FULTON COUNTY — Officials with the Fulton County School System continue to be challenged in their response to the COVID-19 pandemic as they work to keep schools open and safe.
The district was forced to resume the second semester with online instruction without the option of face-to-face instruction in classrooms as previously planned.
Students who chose the in-school option were slated to return to classrooms this week following the planned holiday on Monday.
“I won’t belabor the point [that] the trend data for positive cases is challenging,” Fulton Superintendent Mike Looney said during last week’s meeting of the school board.
He noted the state hit a grim milestone on the day before the Jan. 12 meeting, with 145 Georgians dying of COVID-related complications in single day.
The Jan. 8 epidemiology report from the Fulton County Public Health Department showed all 13 municipalities in the Fulton School System, including the five cities in North Fulton, were in the “red,” signifying a COVID positivity rate of more than 100 per 100,000 population.
Of some consolation was a slight downward tick for all but one of the cities from the previous week’s report. Mountain Park showed no change from the previous week’s numbers.
“While the data continues to [be a concern], I want to remind the public that our ability to manage COVID cases within our school district is making a difference inside our schools,” Looney said.
He pointed to the district’s robust contact tracing for exposed individuals, social distancing and mask mandates for everyone inside buildings, and the constant disinfection and cleaning of schools.
Looney said he has been in numerous meetings with experts in COVID management, and all have concluded that the spread of COVID is not made worse by students being back in schools.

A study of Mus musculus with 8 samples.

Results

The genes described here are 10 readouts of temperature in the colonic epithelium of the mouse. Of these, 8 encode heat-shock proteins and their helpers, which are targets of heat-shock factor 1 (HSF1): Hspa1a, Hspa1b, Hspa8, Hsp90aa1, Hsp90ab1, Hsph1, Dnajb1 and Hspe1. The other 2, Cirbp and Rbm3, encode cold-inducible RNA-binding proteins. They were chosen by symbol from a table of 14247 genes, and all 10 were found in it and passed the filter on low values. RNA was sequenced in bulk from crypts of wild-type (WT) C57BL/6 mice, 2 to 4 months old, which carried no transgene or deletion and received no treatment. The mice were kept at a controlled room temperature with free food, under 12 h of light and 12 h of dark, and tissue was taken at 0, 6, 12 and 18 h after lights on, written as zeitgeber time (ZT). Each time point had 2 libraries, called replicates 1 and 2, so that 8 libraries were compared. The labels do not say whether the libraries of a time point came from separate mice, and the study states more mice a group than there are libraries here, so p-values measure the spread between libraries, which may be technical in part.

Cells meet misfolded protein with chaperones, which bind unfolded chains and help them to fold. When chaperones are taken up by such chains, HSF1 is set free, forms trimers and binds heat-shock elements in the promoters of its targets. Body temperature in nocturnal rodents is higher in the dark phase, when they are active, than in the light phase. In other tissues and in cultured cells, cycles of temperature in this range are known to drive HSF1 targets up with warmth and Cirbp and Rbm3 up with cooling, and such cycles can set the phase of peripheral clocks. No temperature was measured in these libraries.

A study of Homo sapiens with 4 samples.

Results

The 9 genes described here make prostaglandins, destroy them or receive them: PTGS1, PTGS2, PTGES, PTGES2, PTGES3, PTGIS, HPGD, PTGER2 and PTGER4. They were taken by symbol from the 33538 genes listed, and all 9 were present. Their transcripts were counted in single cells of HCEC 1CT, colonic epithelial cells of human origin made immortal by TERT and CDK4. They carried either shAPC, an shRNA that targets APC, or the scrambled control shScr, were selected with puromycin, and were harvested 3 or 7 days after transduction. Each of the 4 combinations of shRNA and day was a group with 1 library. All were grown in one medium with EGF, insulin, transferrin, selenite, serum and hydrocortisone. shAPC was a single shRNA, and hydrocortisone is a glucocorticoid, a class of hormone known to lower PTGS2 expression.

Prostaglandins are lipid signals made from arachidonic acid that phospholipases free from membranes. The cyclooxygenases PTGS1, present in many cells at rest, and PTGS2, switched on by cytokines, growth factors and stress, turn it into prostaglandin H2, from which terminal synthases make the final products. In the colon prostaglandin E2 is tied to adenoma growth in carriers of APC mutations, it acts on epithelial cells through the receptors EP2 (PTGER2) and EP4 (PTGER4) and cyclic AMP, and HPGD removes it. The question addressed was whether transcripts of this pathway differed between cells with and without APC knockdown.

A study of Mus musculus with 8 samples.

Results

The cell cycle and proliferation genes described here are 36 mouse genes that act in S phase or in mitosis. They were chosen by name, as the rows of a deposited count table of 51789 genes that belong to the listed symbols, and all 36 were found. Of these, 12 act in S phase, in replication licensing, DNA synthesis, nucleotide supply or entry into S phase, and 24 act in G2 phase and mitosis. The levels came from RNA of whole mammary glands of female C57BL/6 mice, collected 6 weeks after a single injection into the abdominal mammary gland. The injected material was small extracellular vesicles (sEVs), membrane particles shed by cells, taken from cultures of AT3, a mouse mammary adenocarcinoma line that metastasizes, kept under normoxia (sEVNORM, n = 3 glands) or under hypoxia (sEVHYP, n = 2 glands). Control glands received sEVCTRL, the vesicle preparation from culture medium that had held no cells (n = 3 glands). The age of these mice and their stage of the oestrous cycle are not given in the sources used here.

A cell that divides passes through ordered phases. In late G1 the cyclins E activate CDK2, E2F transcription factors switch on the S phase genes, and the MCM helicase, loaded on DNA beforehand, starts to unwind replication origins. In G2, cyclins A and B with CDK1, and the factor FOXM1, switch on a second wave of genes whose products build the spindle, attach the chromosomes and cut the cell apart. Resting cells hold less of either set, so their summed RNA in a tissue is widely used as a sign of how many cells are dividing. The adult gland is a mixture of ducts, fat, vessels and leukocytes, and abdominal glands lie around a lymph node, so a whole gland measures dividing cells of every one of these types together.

“The reality is while schools are a microcosm of what is happening in the greater community, there is no data that suggests that by having children in session that the numbers of cases go up for students or employees,” Looney said.
In earlier meetings Looney compared COVID data from Fulton Schools, which re-opened classrooms in October, and Atlanta Schools with virtual learning in place since August. COVID rates showed little difference, he noted.
Looney is counting on the COVID vaccination to begin the slow road to normal. On Saturday, vaccinations were provided at Mercedes Benz stadium for the districts’ approximately 2,000 employees over the age of 65.
“I am thankful our board of health has [arranged it] so that our most vulnerable employees among us will have the opportunity to be vaccinated before the resumption of face-to-face classes,” Looney said.
Vaccinating the rest of the school staff is equally important, noted Looney. He serves on Gov. Brian Kemp’s advisory committee and said there has been “robust discussion” to ensure school-based staff are toward the front of the line for vaccinations.
Shortages of staff, due to the pandemic, are challenging every school system in the state as they struggle to keep classrooms open, Looney said.